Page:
USA warns of the worst if Uganda doesn’t cut ties with North Korea

The US is concerned about Ugandan government’s continued involvement with North Korea. A senior US official has been in Kampala to raise these matters with the Government. In 2017 a story was published that Uganda was under immense pressure from the US and European Union (EU) to cut ties with North Korea.

The US and EU want Uganda to terminate existing contracts with North Korea citizens in the country, especially those working in the military and security sectors where North Korean commandos have over time trained Police and military officers. The other sectors, which envoys want North Koreans to vacate are education and health.

On Monday, the deputy assistant secretary for non-proliferation programmes in the Bureau of International Security and Nonproliferation in the US-State department, Phillip Dolliff, met top government officials for a two-day workshop on Monday and Tuesday at the Sheraton Kampala Hotel. Dolliff’s office focuses on preventing illicit financial flows and enforcing sanctions.

For Uganda, the issues include the government’s enforcement of sanctions on the Democratic People’s Republic of Korea (DPRK), illicit financial flows from South Sudan and the enforcement of its anti-money laundering and countering financing of terrorism law.

Phillip Dolliff, the deputy assistant secretary for non-proliferation programmes in the Bureau of International Security and Nonproliferation in the US-State department

In an interview with a local News Paper, Dolliff said he was in the country to discuss strategic trade control, sanctions implementation and preventing the financing corporation with the Uganda’s private sector representatives.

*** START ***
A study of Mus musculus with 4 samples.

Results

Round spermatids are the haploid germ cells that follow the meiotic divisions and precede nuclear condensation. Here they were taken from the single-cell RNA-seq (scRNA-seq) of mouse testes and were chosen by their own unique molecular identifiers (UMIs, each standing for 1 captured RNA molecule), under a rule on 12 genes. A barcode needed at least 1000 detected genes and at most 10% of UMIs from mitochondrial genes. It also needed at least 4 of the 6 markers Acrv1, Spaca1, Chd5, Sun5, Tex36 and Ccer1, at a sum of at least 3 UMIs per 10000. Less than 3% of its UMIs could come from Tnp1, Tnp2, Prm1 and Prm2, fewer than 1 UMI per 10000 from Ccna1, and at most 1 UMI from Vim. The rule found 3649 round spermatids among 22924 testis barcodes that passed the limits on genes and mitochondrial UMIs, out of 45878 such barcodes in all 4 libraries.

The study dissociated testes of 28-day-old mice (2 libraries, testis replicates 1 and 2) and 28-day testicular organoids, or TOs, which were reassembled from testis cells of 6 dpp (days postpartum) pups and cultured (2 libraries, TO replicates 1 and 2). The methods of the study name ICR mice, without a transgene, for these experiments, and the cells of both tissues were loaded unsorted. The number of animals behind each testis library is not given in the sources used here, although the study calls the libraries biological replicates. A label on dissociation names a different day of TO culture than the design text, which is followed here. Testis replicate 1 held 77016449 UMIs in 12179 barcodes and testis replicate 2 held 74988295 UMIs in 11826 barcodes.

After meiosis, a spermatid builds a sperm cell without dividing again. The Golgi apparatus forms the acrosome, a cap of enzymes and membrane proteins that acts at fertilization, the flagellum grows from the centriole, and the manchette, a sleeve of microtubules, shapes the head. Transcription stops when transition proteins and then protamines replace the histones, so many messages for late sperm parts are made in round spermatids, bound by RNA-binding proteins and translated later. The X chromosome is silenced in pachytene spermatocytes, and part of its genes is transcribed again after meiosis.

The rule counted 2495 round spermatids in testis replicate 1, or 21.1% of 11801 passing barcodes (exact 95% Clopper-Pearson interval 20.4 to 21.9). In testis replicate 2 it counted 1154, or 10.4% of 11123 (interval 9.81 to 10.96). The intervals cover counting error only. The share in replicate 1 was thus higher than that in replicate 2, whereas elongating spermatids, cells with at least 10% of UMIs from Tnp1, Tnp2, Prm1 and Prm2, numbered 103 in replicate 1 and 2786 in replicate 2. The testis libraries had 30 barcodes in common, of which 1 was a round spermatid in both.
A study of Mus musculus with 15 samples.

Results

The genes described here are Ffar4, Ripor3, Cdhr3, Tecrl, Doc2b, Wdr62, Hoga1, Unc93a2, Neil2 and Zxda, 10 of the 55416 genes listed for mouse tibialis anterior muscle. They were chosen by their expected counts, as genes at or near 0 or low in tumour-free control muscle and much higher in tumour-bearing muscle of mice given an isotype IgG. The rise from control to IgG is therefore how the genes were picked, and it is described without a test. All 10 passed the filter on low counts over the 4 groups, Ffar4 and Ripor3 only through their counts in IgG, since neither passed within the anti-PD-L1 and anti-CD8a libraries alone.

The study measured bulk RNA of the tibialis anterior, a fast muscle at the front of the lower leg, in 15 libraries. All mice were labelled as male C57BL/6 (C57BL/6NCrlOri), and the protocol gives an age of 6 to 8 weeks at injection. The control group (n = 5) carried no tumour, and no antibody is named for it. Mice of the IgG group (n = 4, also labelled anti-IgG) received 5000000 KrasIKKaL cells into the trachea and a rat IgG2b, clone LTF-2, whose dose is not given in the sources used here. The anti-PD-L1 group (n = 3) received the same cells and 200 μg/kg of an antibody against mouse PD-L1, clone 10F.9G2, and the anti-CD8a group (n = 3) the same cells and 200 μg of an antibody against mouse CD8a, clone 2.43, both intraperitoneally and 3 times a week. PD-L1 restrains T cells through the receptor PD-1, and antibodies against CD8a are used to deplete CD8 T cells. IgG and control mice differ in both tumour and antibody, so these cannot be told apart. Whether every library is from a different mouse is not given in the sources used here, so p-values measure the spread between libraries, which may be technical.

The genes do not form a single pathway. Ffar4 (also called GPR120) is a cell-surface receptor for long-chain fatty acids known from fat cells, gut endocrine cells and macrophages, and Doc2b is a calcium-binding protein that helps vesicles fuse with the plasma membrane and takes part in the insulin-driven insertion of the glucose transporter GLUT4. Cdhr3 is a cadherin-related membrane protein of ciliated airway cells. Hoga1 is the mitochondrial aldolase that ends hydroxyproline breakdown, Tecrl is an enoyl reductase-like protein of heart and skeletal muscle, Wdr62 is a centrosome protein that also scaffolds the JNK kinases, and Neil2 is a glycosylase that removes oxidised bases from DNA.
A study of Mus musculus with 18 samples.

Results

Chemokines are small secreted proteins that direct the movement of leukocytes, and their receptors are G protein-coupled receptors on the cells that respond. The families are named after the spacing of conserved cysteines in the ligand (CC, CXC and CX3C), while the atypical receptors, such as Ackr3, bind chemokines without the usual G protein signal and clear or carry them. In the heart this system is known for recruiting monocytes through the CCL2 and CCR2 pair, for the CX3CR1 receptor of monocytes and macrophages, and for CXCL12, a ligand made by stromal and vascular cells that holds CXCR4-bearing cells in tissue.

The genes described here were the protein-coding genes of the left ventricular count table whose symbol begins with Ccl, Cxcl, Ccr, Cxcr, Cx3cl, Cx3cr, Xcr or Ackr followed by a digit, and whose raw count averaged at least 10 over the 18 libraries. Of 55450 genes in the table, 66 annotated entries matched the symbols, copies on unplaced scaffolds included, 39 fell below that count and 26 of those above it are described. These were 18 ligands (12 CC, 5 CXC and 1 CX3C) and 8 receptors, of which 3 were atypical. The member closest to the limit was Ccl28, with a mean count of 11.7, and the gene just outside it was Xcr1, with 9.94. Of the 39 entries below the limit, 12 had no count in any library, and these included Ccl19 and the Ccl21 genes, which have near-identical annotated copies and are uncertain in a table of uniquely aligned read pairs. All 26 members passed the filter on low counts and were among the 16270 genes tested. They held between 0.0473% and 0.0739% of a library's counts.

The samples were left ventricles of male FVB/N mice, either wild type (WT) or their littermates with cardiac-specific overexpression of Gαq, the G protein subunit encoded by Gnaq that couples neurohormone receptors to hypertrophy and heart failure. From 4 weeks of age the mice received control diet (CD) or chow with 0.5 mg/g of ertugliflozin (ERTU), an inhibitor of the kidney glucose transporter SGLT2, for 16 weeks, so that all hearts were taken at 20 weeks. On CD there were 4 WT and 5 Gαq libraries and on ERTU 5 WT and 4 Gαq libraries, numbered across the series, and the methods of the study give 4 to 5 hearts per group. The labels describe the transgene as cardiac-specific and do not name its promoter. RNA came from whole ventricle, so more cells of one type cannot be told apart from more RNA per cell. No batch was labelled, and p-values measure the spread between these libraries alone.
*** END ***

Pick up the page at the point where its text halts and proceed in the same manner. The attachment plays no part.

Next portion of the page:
“I am also meeting with members of your government who have the responsibility for these areas. The ministries I am meeting with are defence and foreign affairs, among others, including the Uganda Financial Intelligence Authority (FIA),” he said.

Dolliff explained:

“I am using the meetings to reinforce these messages at a senior level. We know that effective counter proliferation measures, especially in finance, require regular two-way communication between the Government authorities and financial institutions.”

“We are continuing with the dialogue, where our embassy (in Kampala) meets with your government regularly on the issues. However, since the issues were of special importance, I was asked to highlight their importance to the government of Uganda,” he said

Uganda has an obligation under the international law to comply with UN Security Council resolutions. If you are seen to be stubborn and non-complaint, the US would have to consider that and think about their relationship with any country not just Uganda.

Another country in Africa, which he didn’t specify, that USA cut its assistance substantially because they were far too stubborn and noncompliant.

“We are looking at other countries around the world to make sure that they are are co-operative and helpful. I think, it is also the case that Uganda’s standing in the international community would be negatively affected if Uganda continues to be stubborn in this regard. Countries that are non-complaint will have a worst reputation.”